Of interest to all who follow such things are the Premier's opening remarks (1-6) which include references to open data and Right to Information issues and his views about the need to protect deliberative process documents.
Session 2 on Creating an Open and Accessible Government (20-34) includes comments from Professor Bill Lane and me on transparency generally and RTI, and from the floor by Michael McKinnon of the Seven Network who raised issues concerning charges, proposed a public interest test for confidentiality and legal privilege claims, responded to the Premier on deliberative process, and reminded that public servants have a duty that should not be shirked by not recording elements of the decision making process.
There are other points of interest of course. The Forum provided an opportunity for an airing of a range of issues about the integrity system.
The importance of culture change was ever present.
Always in the background, rather than up in lights, perhaps because the Government has already accepted the majority of recommendations, was that things are moving in the direction suggested in the Callinan Report on the Crime and Misconduct Commission: the whole integrity system needs rationalisation and simplification because in post Fitzgerald Queensland, it has grown into an industry, has too many elements, is too complex with dispersed responsibilities and overlapping functions, and is confusing to both insiders and those who seek to utilise it.
Support for the proposition was not tested at the Forum and some influential figures clearly question this. Ombudsman Phil Clarke for one responded (29) to suggestions the complaints system is broken, commenting that he is yet to see the evidence.
A question mark that hung over proceedings was the purpose of the Forum and where things go from here. Professor AJ Brown raised this directly with the Premier in the first question of the day, and it came up again in the final session with Jon Grayson, Director General of the Premier's Department.
In the earlier exchange the Premier indicated the Government 'had views' about where it wanted to head but would take on board 'recommendations from the Forum.' However the Forum didn't operate in a way that could have produced anything of the kind, and this role hadn't been suggested beforehand.
I was glad of the invitation to be involved to a degree in reasonably informed discussion covering a broad range of issues. But discussion was wide ranging rather than focused, and none of the issues were covered in sufficient depth to lead to any conclusions.
Prof. BROWN: Thank you, Premier. My name is AJ Brown from Griffith University. My question to you and the Attorney would be what is the process from here? There has been the parliamentary committee review of some aspects of the recent management of matters by the CMC. There has been the Callinan/Aroney review. There are conflicting interpretations, I think, about what that review started out to do versus what it may have done. There are processes underway for finessing the implementation of the recommendations of those reviews. What is the outcome of today's forum going to feed into that process and how are those questions going to be resolved relative to the ones that we are doing today? What is our process for feeding into your thinking on this?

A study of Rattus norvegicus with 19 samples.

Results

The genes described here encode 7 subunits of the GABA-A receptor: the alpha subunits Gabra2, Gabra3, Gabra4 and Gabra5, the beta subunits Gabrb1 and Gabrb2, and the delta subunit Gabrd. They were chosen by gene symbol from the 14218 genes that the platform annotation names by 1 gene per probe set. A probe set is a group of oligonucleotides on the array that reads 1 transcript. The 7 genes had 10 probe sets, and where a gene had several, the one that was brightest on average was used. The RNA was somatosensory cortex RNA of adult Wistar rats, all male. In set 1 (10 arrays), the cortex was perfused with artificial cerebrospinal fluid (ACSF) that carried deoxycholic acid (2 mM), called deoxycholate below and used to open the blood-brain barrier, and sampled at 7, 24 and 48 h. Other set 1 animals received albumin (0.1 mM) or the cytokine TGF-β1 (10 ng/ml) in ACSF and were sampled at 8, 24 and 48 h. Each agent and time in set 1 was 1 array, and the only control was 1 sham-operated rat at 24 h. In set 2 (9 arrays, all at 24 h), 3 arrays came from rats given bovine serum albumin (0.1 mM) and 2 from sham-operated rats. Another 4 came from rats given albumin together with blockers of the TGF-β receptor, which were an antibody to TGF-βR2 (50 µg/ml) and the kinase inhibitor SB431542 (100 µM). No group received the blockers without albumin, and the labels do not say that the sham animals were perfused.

Mr NEWMAN: In relation to the two bits of work on the CMC, being the inquiry led by the chairman over here and the Callinan/Aroney review, the government has been considering that. I suppose it is fair to say that, if nothing else happened, we would have a way forward.We have views .We would be implementing what the member for Gladstone’s committee said and what Aroney and Callinan have said. We will be seeking to fuse those things together, particularly mindful of the very important role of the member for Gladstone in coming up with a way forward for the CMC . I guess the idea was to bring people together to consider more than just that. As I outlined, for example just on the complaints system, there is an opportunity— I suppose a bigger opportunity and a more strategic way we could go—which is to not just go and undertake the implementation of some of those CMC recommendations but, as a result of your deliberations, to take what you good people say today, take that on board and have a more comprehensive set of reforms that we could bring into the parliament. I guess that is the opportunity today.We are here, we are listening and the people in this room really are the key thinkers in the space. That is our view. If you have some strong recommendations out of today, I can assure people that that is going to be something that the government is going to take extremely seriously. Did you want to comment, Jarrod?
Mr BLEIJIE: Professor, in terms of the timeline, we have a few things on the plate at the moment with respect to the implementation panel for t he CMC review, working with the PCMC committee.We would probably expect by the end of the year to have it all wrapped up.The right to information/privacy legislation discussion paper that we have out at the moment is due to finish in November .It would be the comments from today and the feedback from today, with the implementation panel on the CMC and then the RTI, and hopefully bundle it all up at the end of the year so we can say, ‘This is the integrity framework in Queensland.'
The next steps: let me in the spirit of this forum be open and say that there is not a prescribed path forward. This was the first step and I will certainly be talking with the Premier about the next step. But the first step was to encourage an expression of views, which then the government and indeed the parliament can decide how we go forwardSo watch that space.
Queenslanders and others with direct experience in dealing with complaints bodies and with other aspects of the integrity system there might want to complete the Open Government online survey.